Get involved: Send your news, views, pictures and video by texting SUPIC to 80360 or email us.
Ultimate police work – The Sussex detectives solving the mysteries of murder
According to a saying repeated within police forces across the world, no greater honour can be bestowed upon a human being than to be entrusted with investigating the death of another.
And it is fair to say the senior investigating officers who lead murder inquiries in Sussex regard themselves as working at the summit of their profession.
When The Argus was granted extensive interviews with key members of the Surrey and Sussex major crime team, three messages came through loud and clear.
Firstly the senior officers take huge pride in their work, but they are not one-man-bands, doing all the work and taking all the glory.
They see their mission as providing “grip” – direction and leadership – to a team of people with a range of specialities, with the financial backing of their forces.
And, finally, they exhibit a deep sense of privilege and responsibility to the families of victims and the wider community.
Detective Superintendent John Boshier runs the department. Five detective chief inspectors, three in Sussex and two in Surrey, are responsible for leading inquiries across the two counties, at bases in Brighton, Eastbourne, Littlehampton and Woking.
Det Supt Boshier said: “It is frustrating when you watch some of the TV series and it is the lone wolf officer, potentially with a bag man or woman, who solves the crime singly or double-handed.
“While that is entertaining viewing, it doesn’t reflect the team effort involved in solving any of the inquiries we work on.”
DCI Nick May said: “In terms of credibility, experience, leading murder inquiries is a very valuable thing to do.
"These are roles that people want to do. I can’t think of one that would be better.”
DCI Jeff Riley said: “From the detective’s point of view the most interesting jobs you can work on are the most serious.
“If you join the police service and become a detective you are working on the most interesting type of crime.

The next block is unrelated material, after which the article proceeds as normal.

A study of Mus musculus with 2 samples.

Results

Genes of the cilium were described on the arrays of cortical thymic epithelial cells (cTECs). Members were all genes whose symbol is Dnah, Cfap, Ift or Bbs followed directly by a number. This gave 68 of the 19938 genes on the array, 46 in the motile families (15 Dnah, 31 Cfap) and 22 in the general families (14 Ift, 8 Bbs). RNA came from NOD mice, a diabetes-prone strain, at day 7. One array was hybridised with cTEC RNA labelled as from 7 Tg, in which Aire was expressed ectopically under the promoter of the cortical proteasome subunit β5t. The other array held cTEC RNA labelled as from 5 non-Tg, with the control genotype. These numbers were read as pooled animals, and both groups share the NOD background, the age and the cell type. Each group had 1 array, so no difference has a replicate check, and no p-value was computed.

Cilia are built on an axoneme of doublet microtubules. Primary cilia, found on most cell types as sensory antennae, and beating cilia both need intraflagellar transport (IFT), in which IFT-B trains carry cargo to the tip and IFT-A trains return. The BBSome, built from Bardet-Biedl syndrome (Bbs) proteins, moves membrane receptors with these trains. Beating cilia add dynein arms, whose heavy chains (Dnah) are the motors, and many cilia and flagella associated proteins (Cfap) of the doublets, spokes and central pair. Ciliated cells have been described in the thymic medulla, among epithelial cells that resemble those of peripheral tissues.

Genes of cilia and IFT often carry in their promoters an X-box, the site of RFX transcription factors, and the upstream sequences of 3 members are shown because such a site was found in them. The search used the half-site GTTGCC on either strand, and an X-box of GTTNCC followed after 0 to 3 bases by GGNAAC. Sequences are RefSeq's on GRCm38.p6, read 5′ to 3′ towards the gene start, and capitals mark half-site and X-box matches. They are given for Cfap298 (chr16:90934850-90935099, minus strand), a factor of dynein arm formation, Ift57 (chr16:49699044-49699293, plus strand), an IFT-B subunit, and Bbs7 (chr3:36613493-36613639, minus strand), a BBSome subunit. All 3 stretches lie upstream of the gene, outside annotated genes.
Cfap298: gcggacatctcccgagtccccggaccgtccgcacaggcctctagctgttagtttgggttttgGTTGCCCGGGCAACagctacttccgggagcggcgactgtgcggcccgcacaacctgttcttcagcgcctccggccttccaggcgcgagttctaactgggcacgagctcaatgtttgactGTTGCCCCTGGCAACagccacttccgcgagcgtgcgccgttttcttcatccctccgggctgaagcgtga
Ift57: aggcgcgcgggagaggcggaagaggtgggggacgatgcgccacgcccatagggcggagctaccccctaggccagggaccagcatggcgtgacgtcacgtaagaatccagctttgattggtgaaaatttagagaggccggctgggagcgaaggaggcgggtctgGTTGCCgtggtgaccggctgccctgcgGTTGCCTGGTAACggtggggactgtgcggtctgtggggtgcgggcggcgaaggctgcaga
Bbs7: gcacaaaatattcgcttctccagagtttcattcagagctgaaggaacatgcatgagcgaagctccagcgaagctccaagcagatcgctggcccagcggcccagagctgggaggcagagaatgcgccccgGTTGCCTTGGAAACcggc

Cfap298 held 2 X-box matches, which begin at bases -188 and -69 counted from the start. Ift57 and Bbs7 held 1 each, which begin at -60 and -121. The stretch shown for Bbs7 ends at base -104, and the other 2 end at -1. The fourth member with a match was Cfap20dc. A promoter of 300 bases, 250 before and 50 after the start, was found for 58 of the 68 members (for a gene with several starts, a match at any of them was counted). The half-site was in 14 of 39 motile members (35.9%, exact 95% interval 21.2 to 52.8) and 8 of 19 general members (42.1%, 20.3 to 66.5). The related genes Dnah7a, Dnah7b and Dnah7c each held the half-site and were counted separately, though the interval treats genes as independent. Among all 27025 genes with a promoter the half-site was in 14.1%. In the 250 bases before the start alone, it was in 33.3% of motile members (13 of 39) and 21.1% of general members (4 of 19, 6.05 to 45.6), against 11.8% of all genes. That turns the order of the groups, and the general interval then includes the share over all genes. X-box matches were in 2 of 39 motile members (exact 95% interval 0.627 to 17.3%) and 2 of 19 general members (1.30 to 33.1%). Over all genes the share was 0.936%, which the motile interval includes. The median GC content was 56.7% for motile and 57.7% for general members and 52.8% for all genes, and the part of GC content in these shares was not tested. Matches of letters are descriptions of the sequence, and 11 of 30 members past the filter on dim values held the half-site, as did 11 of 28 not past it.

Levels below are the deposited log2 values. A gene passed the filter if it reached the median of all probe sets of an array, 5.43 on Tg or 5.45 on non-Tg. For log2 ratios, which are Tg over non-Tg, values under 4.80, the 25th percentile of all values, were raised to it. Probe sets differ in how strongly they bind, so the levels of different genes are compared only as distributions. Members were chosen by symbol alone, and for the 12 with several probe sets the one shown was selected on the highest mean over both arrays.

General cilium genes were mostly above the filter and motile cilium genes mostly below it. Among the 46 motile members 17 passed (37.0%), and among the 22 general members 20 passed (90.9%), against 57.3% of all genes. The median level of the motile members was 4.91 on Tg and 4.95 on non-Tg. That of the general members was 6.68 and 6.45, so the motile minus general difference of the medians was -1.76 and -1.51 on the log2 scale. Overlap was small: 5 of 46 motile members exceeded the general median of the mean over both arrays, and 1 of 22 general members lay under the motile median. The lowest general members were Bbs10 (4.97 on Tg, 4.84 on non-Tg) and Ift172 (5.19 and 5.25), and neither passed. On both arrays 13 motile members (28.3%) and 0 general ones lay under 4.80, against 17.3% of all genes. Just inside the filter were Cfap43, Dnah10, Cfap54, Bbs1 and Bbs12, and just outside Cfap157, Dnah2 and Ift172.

“Serious major crime is the ultimate. Where do you go from there, other than counter-terrorism? These are the top-end type of investigations.”
All agree that they have the chance to mobilise all the resources they need to get on top of an inquiry – despite the budget cuts regime which has seen Surrey and Sussex merge their murder investigation departments.
Ch Insp Trevor Bowles’s detectives narrowed down 52,000 crimes to a series of 16 when they investigated attacks on women by Adam Gall in Hastings between 2006 and 2009. He was caught in the act after being granted the services of a surveillance team to track Gall’s movements at night.
In the aftermath of a murder the first 24 hours of an inquiry are the most important.
DCI Riley said: “These investigations are time critical. It is about getting a grip on the inquiry, really progressing it.
“You arrive and you get a grip of the job because you have got access to resources.
“It never ceases to surprise me how much you learn about somebody or the situation within a couple of days of having the team of officers working on it.”
DCI Bowles says: “If you look at failed investigations from around the country, it is often where that initial grip is missing.
“Everyone talks about the first 24 hours. It is so important.”
The officers agree the senior investigating officer role can be all-consuming.
DCI Bowles added: “It is personally exhausting. It is a huge responsibility. I loved the responsibility.”
DCI Riley said: “We do deal with some difficult jobs. Sometimes you’ll come away from post-mortems, particularly if it is a child, and it is quite unpleasant.
There is an overriding feeling of duty to the people who have to live with the consequences of major crimes.
Det Supt Boshier said: “There is a real sense in the team of responsibility and importance of delivering a thoroughly professional investigation for somebody who has died and also provide the best service we possibly can to the family and friends who have survived.”
As DCI Riley said: “The satisfaction – when someone is convicted, you are with the family outside court and they come up and shake your hand and thank you for the job you’ve done – that’s what it is all about.”
Comments are closed on this article.